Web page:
SOURCE: Taken from an article by Leslie Vernick
I received many e-mails from readers indicating that they saw themselves as [manipulators]. They were victims of manipulation as well as manipulators, and they wanted to know how to stop this destructive habit.
So how do we stop?
First, you must recognize when you are doing the manipulation and that isn’t always easy. Christine wrote me and said, “After reading your newsletter, I now see I manipulated all of my adult children to come home for Christmas using guilt trips. I wanted them to come home so bad, I just wouldn’t accept no for an answer.”
Manipulators want what they want, and they will go to great lengths to achieve their goals. Often we rationalize that the ends justify the means. But when you regularly manipulate someone, the relationship deteriorates. Even if you got all of your children to comply in coming home for Christmas, they are doing it out of guilt not love, and the underlying feeling is resentment. Is that what you want?
All healthy relationships require the freedom to say no to the other without fear or pressure. When freedom is absent and you don’t allow someone to say no to you or have their own opinion on things without making them feel guilty, pressured, afraid, or stupid, then you can’t have a healthy relationship with that person. Part of good emotional, mental and spiritual health is your ability to tolerate the pain and disappointment when someone doesn’t do what you want. No one always gets what they want, even if what they want is good.
John e-mailed me after the newsletter and said, “My wife says I’m controlling and I never allow her to have her own opinion. I disagree. I just think I’m passionate and assertive, and she avoids conflict. Am I controlling and manipulative like she says? I don’t see it.”
I encouraged him to invite honest feedback from those who know him well. I suggested he ask work colleagues, other friends, family members and children how they experience him and encourage them to tell the truth without fear of retaliation. Most of them said he was intimidating and controlling. John was flabbergasted. He had no idea. Now what?
Once you see you have this tendency to push for your own way, your own agenda and manipulate others to comply, if you want to stop doing it, you must humble yourself and confess this problem. Confess your new-found awareness to God and ask people to give you direct feedback when they feel you are being manipulative toward them.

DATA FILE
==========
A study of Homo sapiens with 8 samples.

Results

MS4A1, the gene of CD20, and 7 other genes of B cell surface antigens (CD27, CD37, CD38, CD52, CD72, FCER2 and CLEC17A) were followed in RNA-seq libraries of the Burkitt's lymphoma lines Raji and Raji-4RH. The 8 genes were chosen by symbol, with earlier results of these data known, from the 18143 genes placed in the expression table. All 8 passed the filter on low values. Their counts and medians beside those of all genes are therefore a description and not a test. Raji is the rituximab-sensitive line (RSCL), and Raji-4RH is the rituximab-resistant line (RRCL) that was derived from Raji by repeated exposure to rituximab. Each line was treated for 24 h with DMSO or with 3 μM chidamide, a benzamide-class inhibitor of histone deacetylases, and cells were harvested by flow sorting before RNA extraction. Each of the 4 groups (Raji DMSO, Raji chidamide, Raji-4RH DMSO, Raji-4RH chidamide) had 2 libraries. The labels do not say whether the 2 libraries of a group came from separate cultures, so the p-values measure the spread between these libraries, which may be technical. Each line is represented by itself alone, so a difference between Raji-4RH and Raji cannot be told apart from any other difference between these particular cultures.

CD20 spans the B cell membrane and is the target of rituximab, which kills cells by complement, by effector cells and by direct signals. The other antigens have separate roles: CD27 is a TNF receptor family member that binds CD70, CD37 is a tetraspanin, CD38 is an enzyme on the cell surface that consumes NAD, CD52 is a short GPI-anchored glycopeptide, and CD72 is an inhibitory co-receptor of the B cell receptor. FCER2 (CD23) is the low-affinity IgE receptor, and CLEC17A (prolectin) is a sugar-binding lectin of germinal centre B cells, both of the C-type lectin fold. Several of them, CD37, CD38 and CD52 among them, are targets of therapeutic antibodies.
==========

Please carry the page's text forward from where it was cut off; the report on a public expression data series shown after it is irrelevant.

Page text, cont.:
Old habits die hard and, even when we want to change, we don’t always recognize what we are doing until it’s already done. When you invite feedback, you are asking people to stop you right in the midst of your manipulative tactics which shows them that you are serious about changing them.
Next comes the hardest part. When they give you this feedback, you must stop. You can’t keep pushing, bullying, arguing or guilt tripping. Thank them for their feedback and stop and reflect on your actions. Ask God for his help to see it as well as handle the disappointment of not getting what you want.
If we want to stop destructive patterns, we must have other people who can regularly speak into our lives, because the Bible tells us we all have a tendency to lie to ourselves (Hebrews 3:13, Jeremiah 17:9).
Your friends and family will know you mean business if you practice these four steps:
- See (become aware)
- Confess to God and to people
- Ask for feedback
- Stop when you are engaging in the pattern of manipulation
They will see you sincerely want to change this destructive pattern. Change doesn’t happen overnight with anything. Even though you see something needs to change, the actual changing takes time, practice and persistence. But I promise, if you practice these steps, you can stop being a manipulator and learn to be better friend, spouse, colleague and parent.